The Southampton Town Zoning Board of Appeals is expected to decide in early June whether to grant a variance that would legalize the conversion of a Hampton Bays motel into an apartment complex.
The application filed in April 2012 has drawn opposition from community members, including school administrators, who say the conversion—which actually was completed, unofficially, about 20 years earlier—will increase the density of a hamlet already burdened by overcrowding.
Domenico and Vincenza Iadevaia, who purchased the 1-acre property that sits north of Montauk Highway in 1989, have been operating the complex as the Tiana Pines Garden Apartments for nearly two decades, even though the town approved it as a motel. Both are nonconforming uses in the town’s highway business district, which does not permit motels or apartments.
John Bennett, the Southampton attorney from the firm Bennett and Read who represents the Iadevaias, has argued that the town issued a building permit for the structure in 1971, before the town code differentiated between motels and apartments. After the code changed in 1972, adding a limit on how long visitors can stay at motels and prohibiting kitchens, the town extended the original building permit for the complex multiple times, and granted two certificates of occupancy. Therefore, Mr. Bennett contends that the complex has been operating legally for the past 20 years.
“What happens if you deny the application? What you end up with is a motel/hotel with kitchenettes and no limits on occupancy, and it continues to operate very much as it does now,” he said during the ZBA meeting on April 4.
The Concerned Citizens of Hampton Bays, a civic association formed in the past year to tackle problems plaguing the hamlet, hired Eric Bregman, an attorney with the Bridgehampton firm Farrell Fritz, P.C., to represent them in opposition to the application. Mr. Bregman has challenged Mr. Bennett’s assertion that the original town code did not distinguish between motels and apartments.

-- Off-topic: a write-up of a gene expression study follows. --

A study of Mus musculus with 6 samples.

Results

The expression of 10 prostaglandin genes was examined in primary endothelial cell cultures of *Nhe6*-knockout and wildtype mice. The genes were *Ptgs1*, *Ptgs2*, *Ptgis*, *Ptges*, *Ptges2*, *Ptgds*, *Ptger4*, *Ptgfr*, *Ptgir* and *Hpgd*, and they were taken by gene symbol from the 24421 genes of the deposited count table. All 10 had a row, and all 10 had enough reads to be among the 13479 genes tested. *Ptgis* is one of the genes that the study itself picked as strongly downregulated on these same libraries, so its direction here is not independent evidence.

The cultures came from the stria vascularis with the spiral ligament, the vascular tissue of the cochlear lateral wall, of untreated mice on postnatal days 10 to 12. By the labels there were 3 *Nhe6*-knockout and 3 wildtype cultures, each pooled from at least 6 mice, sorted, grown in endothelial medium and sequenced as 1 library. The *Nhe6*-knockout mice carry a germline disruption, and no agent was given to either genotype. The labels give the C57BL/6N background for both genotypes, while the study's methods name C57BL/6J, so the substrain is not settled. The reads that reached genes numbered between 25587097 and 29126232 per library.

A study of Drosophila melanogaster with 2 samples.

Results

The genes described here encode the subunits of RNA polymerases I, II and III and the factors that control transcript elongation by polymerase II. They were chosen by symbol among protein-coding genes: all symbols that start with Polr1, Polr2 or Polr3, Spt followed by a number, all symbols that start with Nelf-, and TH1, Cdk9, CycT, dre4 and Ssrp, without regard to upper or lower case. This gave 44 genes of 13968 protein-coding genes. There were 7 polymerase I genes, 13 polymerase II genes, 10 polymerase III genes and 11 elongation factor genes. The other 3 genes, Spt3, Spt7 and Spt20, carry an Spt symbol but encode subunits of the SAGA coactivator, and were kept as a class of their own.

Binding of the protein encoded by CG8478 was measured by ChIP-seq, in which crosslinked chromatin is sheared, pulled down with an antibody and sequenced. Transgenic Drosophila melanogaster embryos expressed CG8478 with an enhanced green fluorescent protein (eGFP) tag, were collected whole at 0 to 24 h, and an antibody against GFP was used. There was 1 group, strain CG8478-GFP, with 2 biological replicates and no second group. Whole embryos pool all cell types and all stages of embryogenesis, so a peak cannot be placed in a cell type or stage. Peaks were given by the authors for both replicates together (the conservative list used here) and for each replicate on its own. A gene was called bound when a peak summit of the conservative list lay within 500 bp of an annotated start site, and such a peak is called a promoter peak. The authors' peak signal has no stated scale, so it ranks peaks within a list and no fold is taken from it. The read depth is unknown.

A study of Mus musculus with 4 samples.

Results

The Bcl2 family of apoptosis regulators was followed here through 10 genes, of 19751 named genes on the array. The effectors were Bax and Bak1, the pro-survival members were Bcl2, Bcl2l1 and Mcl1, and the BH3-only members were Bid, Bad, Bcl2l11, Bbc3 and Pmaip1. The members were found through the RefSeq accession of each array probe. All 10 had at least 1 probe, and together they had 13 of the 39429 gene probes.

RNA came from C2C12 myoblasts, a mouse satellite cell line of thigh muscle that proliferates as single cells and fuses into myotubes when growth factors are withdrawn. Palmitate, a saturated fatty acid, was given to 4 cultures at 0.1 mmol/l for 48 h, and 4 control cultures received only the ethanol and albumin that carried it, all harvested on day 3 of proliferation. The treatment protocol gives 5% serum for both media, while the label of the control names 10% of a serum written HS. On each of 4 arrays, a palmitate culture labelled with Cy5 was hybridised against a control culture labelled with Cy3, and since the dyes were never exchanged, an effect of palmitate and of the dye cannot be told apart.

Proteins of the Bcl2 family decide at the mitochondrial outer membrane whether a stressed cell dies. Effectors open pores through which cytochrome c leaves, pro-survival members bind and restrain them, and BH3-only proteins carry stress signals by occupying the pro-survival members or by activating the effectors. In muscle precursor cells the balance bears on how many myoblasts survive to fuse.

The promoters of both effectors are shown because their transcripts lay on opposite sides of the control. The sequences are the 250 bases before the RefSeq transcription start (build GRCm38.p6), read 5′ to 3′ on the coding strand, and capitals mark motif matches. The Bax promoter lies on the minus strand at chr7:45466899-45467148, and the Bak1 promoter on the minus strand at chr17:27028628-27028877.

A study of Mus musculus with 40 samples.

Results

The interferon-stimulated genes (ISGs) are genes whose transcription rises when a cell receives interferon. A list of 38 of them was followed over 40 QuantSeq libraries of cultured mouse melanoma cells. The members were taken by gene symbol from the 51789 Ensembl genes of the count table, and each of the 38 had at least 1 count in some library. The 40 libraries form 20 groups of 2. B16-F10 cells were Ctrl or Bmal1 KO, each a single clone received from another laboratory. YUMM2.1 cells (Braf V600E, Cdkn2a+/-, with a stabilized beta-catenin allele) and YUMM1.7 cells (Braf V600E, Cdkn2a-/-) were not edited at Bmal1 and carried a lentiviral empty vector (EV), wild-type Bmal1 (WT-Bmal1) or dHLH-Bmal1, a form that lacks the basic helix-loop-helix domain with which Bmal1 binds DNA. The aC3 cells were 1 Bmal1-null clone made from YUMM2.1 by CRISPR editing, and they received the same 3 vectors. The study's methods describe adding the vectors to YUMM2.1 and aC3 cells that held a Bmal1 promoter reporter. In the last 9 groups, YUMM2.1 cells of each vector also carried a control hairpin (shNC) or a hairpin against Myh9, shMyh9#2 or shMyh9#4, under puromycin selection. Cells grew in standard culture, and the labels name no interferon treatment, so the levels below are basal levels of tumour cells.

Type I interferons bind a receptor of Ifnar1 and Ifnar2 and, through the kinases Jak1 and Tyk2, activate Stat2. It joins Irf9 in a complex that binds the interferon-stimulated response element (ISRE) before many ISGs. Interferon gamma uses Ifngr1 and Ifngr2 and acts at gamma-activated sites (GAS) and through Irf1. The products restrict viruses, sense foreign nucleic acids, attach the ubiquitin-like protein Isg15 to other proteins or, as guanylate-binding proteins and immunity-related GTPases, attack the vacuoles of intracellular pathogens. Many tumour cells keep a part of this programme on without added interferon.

They were defined separately, he said, and the code uses the term “dwelling” to refer to a residence, such as an apartment or a house where people live permanently. At past meetings, Mr. Bregman has argued that there is a “common sense” difference between motels, where people stay for visits, and apartments.
He has also argued that when the property owners chose to rent the units as apartments, they abandoned the motel use—meaning it cannot be reinstated. The town code prohibits the ZBA from granting a change from an illegal use to a nonconforming use.
“It’s designed for someone to come in, park the car, stay a while and go,” he said, commenting on the size of each roughly 500-square-foot unit.
Mr. Bregman added that if the board denies the variance, the owners will have to comply with the current zoning, which permits only businesses or offices on the property.
Lars Clemensen, the superintendent of the Hampton Bays School District, spoke against the conversion at the most recent meeting. “An official conversion of motels into apartment complexes permanently increases the residential capacity of our hamlet, impacting my ability to deliver a first-class education to our children,” he said.
While he is “not unsympathetic” to those concerns, Mr. Bennett said they don’t belong in a ZBA forum and should not be a basis for any decision made by the board.
He and Kimberly Judd, an associate at his firm, explained that the variance would be beneficial to the neighborhood because it would allow the owners to submit a site plan application to the Southampton Town Planning Board, increasing the town’s control over things like drainage, lighting and landscaping on the property.
He also pointed out that the owners have received Suffolk County Department of Health approval to install an upgraded septic system. It would be difficult for other motel complexes in the hamlet to receive that approval, which is necessary to support apartments, because they sit close to the water and where the groundwater table is higher.
The ZBA will continue to accept written comments on the application until Thursday, May 2, and the board is expected to vote on a decision at its June 6 meeting.